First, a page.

Melanie Mackenzie

I’m back in the Falklands for the second summer in a row, this time thanks to a Shackleton Scholarship Fund, and with the support of SAERI, SMSG and Museum Victoria – my usual workplace in Melbourne, Australia.

I was lucky enough to be delayed here for a few days last January on my way down to Antarctica on the James Clark Ross. As you can imagine, coming from a country known for its beaches and sunshine I was full of excitement at the prospect of the ‘unknown’ Antarctic which lay ahead… and not just at the thought of wearing the attractively padded BAS orange jumpsuit!


While waiting to join the scientific team for a benthic survey of the Weddell Sea, I was very fortunate to drop by FiPass where I met Paul Brickle of SAERI and Paul Brewin of SMSG/Fisheries, and was introduced to an active research lab and very interesting marine invertebrate collection.

And my particular interest you may ask? Well the enigmatic sea cucumber of course! Relatives of sea urchins and starfish, holothuroids are not only amazing little detritus-sifters, but some even brood-protect their young in pouches – and how can any self-respecting kangaroo-loving Aussie resist that?

I’m here for a month dividing my time between the lab at the Fisheries department (busily identifying sea cumbers) and office space at SAERI (where I’m assisting with collection management processes and an application for CITES institutional registration).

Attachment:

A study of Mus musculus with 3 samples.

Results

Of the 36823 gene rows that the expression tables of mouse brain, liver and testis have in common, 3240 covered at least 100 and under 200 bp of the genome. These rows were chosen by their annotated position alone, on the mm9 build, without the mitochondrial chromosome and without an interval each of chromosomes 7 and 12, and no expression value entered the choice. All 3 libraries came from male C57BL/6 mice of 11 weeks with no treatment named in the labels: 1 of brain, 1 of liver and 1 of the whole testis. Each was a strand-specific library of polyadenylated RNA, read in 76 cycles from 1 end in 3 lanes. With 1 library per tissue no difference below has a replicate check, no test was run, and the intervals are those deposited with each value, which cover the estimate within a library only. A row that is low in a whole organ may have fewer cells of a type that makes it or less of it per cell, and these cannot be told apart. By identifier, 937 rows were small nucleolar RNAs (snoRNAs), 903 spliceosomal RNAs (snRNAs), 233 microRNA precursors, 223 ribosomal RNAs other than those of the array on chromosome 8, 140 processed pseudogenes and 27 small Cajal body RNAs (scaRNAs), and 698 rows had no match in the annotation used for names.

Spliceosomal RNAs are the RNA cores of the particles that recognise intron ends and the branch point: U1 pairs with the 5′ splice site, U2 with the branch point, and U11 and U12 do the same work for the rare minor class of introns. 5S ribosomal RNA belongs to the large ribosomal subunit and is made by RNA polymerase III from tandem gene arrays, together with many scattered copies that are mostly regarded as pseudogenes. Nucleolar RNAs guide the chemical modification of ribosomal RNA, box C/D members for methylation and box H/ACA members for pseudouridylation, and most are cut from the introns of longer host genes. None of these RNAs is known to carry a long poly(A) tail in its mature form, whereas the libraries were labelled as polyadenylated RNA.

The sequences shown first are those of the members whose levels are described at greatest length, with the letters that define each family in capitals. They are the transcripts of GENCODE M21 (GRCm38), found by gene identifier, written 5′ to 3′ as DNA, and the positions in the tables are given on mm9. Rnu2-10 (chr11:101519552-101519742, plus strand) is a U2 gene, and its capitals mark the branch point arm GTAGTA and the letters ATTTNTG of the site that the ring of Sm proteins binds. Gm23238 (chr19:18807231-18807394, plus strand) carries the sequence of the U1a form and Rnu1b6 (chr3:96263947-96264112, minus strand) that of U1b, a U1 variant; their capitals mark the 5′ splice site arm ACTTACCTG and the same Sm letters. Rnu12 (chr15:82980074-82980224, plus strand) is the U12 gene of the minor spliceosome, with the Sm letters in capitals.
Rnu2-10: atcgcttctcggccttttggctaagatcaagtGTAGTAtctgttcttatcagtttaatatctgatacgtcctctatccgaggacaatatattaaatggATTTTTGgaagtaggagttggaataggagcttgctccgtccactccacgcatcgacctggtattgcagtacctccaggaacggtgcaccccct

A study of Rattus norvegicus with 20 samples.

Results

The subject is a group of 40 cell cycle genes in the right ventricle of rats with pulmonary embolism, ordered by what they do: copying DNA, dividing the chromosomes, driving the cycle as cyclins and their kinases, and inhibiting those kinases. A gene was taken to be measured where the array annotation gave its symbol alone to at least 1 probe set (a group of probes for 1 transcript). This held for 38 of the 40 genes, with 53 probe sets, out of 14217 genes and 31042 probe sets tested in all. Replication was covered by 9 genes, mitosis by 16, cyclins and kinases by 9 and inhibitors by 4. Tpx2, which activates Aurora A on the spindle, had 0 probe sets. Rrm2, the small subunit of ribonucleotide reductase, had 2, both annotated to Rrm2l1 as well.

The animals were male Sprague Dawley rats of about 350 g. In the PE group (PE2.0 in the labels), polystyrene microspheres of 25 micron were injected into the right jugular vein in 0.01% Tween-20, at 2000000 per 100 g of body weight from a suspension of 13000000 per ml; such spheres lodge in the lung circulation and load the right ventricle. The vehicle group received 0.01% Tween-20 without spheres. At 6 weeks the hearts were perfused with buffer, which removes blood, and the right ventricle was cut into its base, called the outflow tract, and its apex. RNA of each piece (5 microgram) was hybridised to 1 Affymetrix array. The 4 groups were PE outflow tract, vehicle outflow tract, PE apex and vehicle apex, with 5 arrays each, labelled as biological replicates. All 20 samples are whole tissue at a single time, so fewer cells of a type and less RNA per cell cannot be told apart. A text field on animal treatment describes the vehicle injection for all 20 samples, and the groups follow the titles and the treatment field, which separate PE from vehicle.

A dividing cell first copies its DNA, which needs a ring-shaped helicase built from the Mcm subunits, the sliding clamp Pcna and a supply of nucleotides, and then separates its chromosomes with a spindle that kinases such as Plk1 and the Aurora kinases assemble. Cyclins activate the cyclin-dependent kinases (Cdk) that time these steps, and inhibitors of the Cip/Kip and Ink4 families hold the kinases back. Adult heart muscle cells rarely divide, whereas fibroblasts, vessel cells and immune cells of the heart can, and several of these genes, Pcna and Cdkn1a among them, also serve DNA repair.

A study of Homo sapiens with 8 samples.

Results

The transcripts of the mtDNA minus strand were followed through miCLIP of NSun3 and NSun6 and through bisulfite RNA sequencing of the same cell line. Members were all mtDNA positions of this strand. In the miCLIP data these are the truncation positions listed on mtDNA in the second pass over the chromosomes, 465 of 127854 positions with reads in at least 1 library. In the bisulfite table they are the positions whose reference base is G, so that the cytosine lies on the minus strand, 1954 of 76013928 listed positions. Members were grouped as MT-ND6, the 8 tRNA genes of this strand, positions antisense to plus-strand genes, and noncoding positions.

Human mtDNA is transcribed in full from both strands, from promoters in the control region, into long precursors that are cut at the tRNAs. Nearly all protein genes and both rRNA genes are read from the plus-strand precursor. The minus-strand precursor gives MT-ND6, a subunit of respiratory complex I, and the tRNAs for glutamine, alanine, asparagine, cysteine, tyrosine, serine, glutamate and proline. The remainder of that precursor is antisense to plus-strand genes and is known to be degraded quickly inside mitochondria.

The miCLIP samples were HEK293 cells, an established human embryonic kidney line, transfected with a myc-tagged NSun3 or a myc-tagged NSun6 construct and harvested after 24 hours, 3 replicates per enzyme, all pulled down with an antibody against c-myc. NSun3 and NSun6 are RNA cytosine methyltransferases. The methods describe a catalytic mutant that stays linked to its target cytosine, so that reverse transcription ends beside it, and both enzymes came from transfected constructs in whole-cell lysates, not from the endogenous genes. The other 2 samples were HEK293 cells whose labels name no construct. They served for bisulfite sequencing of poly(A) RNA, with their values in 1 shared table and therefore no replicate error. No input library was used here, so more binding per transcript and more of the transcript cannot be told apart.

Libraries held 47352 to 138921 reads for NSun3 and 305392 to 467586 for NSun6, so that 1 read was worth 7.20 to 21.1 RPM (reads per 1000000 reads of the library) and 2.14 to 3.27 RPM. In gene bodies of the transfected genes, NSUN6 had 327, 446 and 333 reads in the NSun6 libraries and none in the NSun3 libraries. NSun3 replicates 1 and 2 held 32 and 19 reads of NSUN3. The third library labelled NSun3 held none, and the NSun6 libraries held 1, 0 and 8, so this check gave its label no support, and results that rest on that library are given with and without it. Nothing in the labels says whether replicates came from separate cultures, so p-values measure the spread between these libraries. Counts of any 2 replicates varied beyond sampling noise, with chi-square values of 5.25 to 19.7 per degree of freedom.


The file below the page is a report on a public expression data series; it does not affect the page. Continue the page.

My ‘day job’ back in Australia is as a Marine Invertebrate Collection Manager in a natural history museum. While museum visitors marvel at our exhibition displays, many have no idea that behind the scenes is an extremely active research facility full of millions of specimens being studied by everyone from taxonomists and geneticists to students, engineers and artists. And while I spend my usual workday packing specimens, developing field guides, catching critters and generally looking after a jar-filled library of spineless specimens, I spend weekends and any spare time indulging in sea cucumber research.

Working with a small team of taxonomists lead by holothuroid-guru Mark O’Loughlin, we’ve identified thousands of sea cucumbers (including many new species) collected by teams from many different countries. We’ve also had the privilege of examining historic material from some early British-lead expeditions, including the Discovery material from 1925. And by the most pleasant of coincidences those very expedition reports are at long last being digitized thanks to Darwin sponsorship, by none other than the hard-working Dr Deborah (Debs) Davidson at SAERI. Enticed back to Stanley by the thought of working with sea cucumbers from the recent SAERI/SMSG shallow marine survey of South Georgia (the first comprehensive survey since the Discovery visit), I was also very excited to see that SAERI hold material from the Falklands and Ascension Islands…fingers-crossed I get a chance to see it all!

So I may only be here for a month, which is definitely not long enough to spend in the Falklands, but I plan to do as much as possible in the time I have, and look forward to seeing what the local waters may bring me.